Ask just about anyone on the Central Coast and water conservation and the ongoing drought are very much on their minds.
"Making sure you do a full load of laundry when you do laundry and don't let the water run at the kitchen sink or bathroom", one woman told Central Coast News outside a shopping center in Santa Maria.
But attitudes change when it comes to using the precious local water supply to save the the endangered Steelhead Trout.
Critics of the ongoing water diversion say its putting fish before people.
"I think we need to share, but I think the people come before the fish", another woman tells Central Coast News.
"I would put people before the fish", says Santa Barbara County Fourth District Supervisor Peter Adam who is leading a call on the Board of Supervisors for more information about the Steelhead Trout fishery protection program..
Adam says Lake Cachuma, where water is released every day to protect the trout, is the main reservoir for drought-stricken communities in southern Santa Barbara County.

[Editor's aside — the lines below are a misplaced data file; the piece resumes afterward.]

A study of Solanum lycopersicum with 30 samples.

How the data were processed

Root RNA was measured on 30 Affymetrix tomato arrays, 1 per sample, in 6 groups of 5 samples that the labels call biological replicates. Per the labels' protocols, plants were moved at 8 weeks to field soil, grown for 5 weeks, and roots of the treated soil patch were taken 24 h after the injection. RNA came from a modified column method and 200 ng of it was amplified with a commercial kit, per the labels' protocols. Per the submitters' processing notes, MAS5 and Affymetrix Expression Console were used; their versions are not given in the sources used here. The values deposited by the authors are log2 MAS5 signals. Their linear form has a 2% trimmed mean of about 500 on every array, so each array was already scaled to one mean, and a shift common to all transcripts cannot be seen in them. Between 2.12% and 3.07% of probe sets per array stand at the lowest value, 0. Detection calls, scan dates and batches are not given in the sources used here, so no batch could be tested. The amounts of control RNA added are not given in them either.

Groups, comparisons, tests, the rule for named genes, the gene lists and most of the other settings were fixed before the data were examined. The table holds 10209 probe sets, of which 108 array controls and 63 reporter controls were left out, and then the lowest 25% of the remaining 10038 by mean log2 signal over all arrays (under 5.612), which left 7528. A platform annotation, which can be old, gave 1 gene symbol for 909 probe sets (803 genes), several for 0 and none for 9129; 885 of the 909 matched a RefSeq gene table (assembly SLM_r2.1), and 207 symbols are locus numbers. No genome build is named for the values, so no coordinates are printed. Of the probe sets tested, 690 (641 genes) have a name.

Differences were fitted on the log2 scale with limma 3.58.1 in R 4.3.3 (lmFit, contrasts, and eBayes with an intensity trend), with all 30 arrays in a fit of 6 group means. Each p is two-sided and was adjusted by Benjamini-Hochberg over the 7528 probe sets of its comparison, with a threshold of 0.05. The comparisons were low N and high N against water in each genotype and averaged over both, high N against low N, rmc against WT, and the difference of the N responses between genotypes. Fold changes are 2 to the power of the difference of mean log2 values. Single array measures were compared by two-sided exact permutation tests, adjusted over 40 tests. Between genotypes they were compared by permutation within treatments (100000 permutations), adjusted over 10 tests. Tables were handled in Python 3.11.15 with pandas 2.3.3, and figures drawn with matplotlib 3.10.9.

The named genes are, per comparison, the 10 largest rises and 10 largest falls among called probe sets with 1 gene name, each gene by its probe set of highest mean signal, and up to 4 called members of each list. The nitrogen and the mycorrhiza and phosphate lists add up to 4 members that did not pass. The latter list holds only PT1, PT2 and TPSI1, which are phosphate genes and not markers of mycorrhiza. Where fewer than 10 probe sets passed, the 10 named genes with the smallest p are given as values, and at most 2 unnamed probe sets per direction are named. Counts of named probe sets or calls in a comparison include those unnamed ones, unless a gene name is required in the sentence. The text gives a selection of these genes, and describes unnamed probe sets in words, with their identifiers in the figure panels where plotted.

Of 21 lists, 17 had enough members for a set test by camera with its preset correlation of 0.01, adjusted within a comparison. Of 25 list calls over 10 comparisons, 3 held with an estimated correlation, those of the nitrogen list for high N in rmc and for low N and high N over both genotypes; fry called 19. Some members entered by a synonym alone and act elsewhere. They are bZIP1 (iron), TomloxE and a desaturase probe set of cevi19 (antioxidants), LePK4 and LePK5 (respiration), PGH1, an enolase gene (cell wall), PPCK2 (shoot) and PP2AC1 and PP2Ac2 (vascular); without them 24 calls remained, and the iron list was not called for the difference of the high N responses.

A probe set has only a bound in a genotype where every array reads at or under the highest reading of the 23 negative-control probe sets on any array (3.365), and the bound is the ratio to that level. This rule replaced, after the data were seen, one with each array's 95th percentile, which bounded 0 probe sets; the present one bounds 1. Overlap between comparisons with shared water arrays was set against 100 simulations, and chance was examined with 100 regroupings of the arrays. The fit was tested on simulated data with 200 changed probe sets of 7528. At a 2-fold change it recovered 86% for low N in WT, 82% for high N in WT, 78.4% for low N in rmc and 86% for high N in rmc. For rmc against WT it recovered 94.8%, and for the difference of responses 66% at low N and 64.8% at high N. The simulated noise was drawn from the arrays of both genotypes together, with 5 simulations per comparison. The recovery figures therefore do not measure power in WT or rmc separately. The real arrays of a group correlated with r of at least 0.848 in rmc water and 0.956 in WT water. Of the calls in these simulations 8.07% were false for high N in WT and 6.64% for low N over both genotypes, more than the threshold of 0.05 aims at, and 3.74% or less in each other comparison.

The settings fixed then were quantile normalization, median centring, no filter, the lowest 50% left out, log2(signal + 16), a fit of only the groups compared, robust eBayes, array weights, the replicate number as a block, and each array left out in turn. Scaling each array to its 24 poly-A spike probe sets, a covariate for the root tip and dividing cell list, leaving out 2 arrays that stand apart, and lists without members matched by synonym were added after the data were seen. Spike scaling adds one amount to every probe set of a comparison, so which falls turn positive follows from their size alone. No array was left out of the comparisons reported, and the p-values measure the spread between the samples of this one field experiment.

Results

"I don't know if its true or not but I'm told that there's 21 fish for which we are spending what I think is pretty reliable information that we're spending ten acre feet a day to keep them alive", Adam tells Central Coast News.
"I know that if you don't have the right amount of oxygen in the water that the fish cannot survive", Adam says, "even if there's 21 fish in the hole, even if there's 210 fish in the hole, you're spending that ten acre feet which is almost what it takes to keep the south coast in water, there's 150,000 people down there on the south coast that depend on that water supply."
A controversial issue when water is in such precious supply in Santa Barbara County.
"I don't think its necessary", a north county resident tells Central Coast News, "we need a little bit more than the fish do I think, we're desperate."